Texas Attorney General Ken Paxton holds a press conference on June 9, 2016 in front of the U.S. Supreme Court to discuss the filing of a lawsuit against the state of Delaware.
By Patrick Svitek / 10.12.2016
The highest criminal court in Texas said Wednesday it will not hear Ken Paxton‘s appeal of securities fraud charges, putting the attorney general on a path to facing a trial in the coming months.
“Today’s ruling marks an end to Mr. Paxton’s almost year-long attempt to avoid being judged by a jury of his peers,” Brian Wice, one of the special prosecutors handling Paxton’s case, said in a statement. “We look forward to going to trial and seeking justice on behalf of the people of Texas.”
The decision Wednesday was made by the Court of Criminal Appeals, which Paxton’s lawyers had asked to review the case as a last resort before trial. Without comment, the court announced it would not consider the appeal.
Paxton’s legal team responded that it plans to file a motion for rehearing before the court.
“The charges against Ken Paxton are without merit,” Paxton lawyer Philip Hilder said in a statement.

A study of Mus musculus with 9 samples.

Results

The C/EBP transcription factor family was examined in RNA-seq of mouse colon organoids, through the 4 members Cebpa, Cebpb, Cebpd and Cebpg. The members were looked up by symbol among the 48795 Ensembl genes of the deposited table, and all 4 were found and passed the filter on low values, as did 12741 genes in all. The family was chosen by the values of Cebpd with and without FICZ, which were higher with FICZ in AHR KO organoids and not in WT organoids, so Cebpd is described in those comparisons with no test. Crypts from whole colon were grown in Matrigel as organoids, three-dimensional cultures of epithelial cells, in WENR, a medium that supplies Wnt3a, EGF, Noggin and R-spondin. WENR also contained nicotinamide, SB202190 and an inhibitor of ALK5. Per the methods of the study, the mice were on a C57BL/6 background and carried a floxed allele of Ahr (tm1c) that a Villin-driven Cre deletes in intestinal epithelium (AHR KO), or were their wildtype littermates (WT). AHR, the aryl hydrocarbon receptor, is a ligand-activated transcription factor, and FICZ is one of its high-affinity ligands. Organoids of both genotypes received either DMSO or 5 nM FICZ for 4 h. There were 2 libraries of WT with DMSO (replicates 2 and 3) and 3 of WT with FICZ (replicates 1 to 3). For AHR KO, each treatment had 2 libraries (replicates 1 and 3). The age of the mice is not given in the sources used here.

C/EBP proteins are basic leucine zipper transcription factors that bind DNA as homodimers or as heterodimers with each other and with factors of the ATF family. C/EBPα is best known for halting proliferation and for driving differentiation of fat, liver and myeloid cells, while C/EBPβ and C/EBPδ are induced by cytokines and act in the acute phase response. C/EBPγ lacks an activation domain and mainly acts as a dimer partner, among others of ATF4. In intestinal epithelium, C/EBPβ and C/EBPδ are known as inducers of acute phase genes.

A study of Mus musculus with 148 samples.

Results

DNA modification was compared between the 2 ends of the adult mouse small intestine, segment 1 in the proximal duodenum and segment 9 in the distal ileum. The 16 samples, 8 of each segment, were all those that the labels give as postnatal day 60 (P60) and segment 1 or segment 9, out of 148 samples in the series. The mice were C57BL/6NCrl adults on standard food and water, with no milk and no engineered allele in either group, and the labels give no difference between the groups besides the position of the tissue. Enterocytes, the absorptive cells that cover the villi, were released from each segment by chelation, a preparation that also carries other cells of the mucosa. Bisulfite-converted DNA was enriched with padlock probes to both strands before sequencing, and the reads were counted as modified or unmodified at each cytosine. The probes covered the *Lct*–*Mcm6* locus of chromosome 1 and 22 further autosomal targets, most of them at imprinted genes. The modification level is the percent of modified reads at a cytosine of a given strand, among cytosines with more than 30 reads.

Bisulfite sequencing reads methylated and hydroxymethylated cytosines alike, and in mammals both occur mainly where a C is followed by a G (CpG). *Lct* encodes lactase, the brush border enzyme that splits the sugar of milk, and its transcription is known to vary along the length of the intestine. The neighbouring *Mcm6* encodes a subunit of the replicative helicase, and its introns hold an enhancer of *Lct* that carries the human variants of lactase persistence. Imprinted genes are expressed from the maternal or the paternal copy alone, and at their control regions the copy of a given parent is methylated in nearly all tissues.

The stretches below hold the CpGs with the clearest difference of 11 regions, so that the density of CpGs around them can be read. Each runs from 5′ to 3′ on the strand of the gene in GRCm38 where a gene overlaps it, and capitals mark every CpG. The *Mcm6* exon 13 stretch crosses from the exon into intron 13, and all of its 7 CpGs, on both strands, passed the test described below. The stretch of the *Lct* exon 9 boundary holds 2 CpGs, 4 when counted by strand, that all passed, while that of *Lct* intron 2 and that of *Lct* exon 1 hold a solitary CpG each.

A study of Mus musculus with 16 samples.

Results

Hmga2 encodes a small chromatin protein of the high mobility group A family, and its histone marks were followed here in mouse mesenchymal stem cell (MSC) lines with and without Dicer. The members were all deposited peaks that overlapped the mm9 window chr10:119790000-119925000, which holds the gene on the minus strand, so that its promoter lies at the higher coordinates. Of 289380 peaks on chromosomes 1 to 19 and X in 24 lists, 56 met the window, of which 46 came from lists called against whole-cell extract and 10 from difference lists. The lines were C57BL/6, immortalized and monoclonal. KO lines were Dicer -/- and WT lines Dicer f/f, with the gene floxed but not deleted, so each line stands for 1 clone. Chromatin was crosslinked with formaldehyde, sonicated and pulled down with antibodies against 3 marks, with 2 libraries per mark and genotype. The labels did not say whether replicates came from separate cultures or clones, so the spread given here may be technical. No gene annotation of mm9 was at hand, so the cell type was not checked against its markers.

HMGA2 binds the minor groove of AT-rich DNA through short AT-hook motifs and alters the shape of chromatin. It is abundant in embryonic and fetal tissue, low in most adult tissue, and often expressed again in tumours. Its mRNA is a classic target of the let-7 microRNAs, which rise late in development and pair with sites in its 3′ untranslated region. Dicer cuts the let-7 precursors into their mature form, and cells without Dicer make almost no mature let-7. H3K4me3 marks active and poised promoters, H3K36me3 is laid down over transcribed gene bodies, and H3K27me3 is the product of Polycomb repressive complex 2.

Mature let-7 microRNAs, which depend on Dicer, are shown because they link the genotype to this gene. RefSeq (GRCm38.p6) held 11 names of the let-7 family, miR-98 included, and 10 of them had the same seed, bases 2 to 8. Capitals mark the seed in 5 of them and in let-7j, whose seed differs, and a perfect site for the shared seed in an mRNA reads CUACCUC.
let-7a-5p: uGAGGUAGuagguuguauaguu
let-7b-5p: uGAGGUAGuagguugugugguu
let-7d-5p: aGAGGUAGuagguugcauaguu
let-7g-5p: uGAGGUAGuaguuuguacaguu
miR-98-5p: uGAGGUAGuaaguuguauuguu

The decision makes the prospect of the state’s top lawyer sitting through a trial more likely than ever. The proceedings could start as early as next spring. If convicted, Paxton faces five to 99 years in prison.
Last summer, a Collin County grand jury indicted Paxton on criminal charges of securities fraud and failure to register with the state securities board. He is accused of misleading investors in a company from before he took office as Texas’ top lawyer.
The U.S. Securities and Exchange Commission brought similar, civil charges against Paxton earlier this year. On Friday, a federal judge dismissed that case but gave the commission 14 days to amend its allegations against Paxton.
Paxton’s lawyers had hoped the decision in the SEC case would signal a similar outcome for the state charges. They reiterated that argument Wednesday.
“A federal court, following a lower legal standard, ruled that the fraud charges were baseless,” Hilder said.